Microsoft is giving away free software to early-stage web start-up companies as part of a worldwide programme called BizSpark launched.
Companies seeking to benefit from the programme need to team up with a BizSpark Network Partner, organisations, Microsoft says, that specialise in promoting and supporting software startups through programmes, mentoring, networking, business advice, financial assistance, and so on.
BizSpark aims to help startups get off the ground by providing production licences and technical support for several Microsoft products. The licences are free for the first three years, after which the startups must start to pay.
The programme aims to create a catalyst for small startups, says Microsoft New Zealand's country manager, Kevin Ackhurst. It also gives startups the opportunity to contribute to the GDP. With 8.7% growth, the local technology industry has a lot of potential, he says.
Getting more local firms to compete globally is mission critical for getting New Zealand's economy on par with its OECD counterparts, says David Skilling, chief executive of the New Zealand Institute. In theory, all you need for building a successful business like Rod Drury's Xero are a couple of smart people, a business model and a decent broadband connection, he says. But broadband speed, investment in research and development and education are not even close to where they need to be, says Skilling. "We need a clear agenda for action, and initiatives like [BizSpark] are critical," he says.
Rod Drury agrees that broadband is the greatest barrier for local startups to get their businesses off the ground. But buying the tools you need to start programming is also a huge barrier, he says. Now, however, developers will be able to start coding straight away. With access to "some of the best tools out there", it is now possible for startups to build sustainable internet-based businesses from New Zealand, he says.
The programme is available for startups with up to 25 developers, says Scott Wylie, director of the developer and platform strategy team at Microsoft New Zealand. He estimates a company can save around $5,000 per developer in Microsoft Developer Network (MSDN) Premium subscription fees by participating in the programme.
As well as helping startups, the programme gives Microsoft a way to promote the use of its software at a time when open-source alternatives have matured, and as rivals such as Google and Salesforce.com are promoting their cloud platforms for building web applications.
ZocDoc, a New York-based company that offers an online service for booking doctor and dentist appointments, became an early pilot member of the BizSpark programme. It received licences for Microsoft's Visual Studio, SQL Server and Windows Server products.
"We're getting all the Microsoft software for free, so that's great for a startup like us trying to keep our costs low," says CTO and co-founder Nick Ganju. "Some of these software packages can get pretty expensive so it's great to be able to keep our software free for the first few years."
Other products covered by the programme include Office SharePoint Portal Server, BizTalk Server and Systems Center, with Dynamics CRM to be added soon. Startups also get a subscription to the Microsoft Developer Network and a Community Technology Preview of Microsoft's Azure cloud software announced last week.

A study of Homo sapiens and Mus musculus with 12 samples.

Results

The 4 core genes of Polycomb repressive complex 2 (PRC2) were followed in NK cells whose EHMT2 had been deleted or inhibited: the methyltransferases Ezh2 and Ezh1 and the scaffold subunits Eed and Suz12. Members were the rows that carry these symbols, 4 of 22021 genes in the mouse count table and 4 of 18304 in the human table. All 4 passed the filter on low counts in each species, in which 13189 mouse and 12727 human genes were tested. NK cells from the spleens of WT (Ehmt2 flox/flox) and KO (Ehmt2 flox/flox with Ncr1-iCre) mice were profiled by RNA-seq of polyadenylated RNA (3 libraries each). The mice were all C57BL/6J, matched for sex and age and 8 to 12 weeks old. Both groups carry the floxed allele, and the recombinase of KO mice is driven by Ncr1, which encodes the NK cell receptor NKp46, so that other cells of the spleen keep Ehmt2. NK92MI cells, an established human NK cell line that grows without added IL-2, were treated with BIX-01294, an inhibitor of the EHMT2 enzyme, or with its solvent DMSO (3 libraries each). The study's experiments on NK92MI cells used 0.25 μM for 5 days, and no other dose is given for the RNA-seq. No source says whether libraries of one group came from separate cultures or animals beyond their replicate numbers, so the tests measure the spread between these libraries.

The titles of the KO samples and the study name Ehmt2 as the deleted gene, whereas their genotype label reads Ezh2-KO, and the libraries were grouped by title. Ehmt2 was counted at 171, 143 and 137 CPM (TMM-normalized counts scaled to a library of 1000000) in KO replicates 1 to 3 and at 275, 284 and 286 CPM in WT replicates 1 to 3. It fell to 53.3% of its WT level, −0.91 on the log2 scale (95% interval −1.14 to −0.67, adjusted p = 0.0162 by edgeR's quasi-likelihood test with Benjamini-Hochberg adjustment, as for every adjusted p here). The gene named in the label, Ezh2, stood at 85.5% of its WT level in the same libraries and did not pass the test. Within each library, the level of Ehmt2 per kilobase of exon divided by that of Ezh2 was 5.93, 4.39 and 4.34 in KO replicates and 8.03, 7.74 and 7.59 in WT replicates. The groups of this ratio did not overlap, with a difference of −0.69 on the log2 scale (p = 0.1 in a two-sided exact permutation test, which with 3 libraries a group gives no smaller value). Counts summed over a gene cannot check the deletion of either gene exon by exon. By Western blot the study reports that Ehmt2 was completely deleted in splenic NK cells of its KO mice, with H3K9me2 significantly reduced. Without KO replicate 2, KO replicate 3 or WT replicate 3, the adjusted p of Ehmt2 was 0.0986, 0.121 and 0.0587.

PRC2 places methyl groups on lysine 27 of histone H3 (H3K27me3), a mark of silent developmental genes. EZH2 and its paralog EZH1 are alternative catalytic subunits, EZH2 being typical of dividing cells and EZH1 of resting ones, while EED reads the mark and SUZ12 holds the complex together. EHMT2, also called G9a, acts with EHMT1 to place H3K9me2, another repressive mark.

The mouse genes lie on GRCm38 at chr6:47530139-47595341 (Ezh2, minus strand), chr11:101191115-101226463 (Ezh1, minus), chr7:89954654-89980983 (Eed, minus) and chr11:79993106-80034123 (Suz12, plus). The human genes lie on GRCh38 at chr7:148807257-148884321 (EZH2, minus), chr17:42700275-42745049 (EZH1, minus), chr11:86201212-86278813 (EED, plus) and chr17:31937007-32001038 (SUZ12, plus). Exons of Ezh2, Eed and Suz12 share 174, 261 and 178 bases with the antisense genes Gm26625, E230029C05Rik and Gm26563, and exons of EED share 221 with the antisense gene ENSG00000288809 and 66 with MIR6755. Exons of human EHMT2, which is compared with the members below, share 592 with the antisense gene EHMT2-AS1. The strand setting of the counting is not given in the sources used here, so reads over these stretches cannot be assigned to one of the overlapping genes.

To qualify for BizSpark, companies have to be privately held, less than three years old, have annual revenue of less than US$1 million, and be developing an online service or hosted application.
They also have to be nominated by one of the partners Microsoft is signing up for the programme, which include investment companies, university incubators and economic development agencies, says Dan’l Lewin, Microsoft's vice president for Strategic and Emerging Business Development.
The partners will be listed at the BizSpark website and startups can approach the groups and ask to be nominated, he says. Microsoft is also partnering with application hosting companies that can nominate startups and may offer them discount services, Lewin says.
Several other vendors offer startup programmes, including Sun Microsystems, which offers cut price servers and its open source software.
Microsoft already offered some free software for startups, but it was for Express editions of its products or for more limited periods of time. The software licences in the BizSpark programme are for the full products with no usage restrictions, Lewin says.
The programme is being launched worldwide, with events planned in the coming weeks in Scandinavia, the UK, Germany and Russia, Lewin says. Launch events will take place in 30 countries over the next several months, he says.
ZocDoc had already decided to use Microsoft software before it joined the programme, Ganju says. It's web application has to synchronise with calendar software on healthcare providers' desktop PCs, which usually run Windows, and ZocDoc wanted to use the same software platform on the desktop and the server, he says.
"You can make desktop apps with Java, but they don't look as native and clean," Ganju says.
ZocDoc's investors include Amazon CEO Jeff Bezos and Salesforce.com CEO Marc Benioff, but Ganju says he wasn't tempted by those companies' cloud services, nor by Microsoft's Azure. He prefers to work with a traditional web hosting provider.
"I think the cloud thing is very promising, it's where things are going in the future, but I'd rather wait for it to mature for another year or so," he says. "I'm still a fan of software running on actual servers."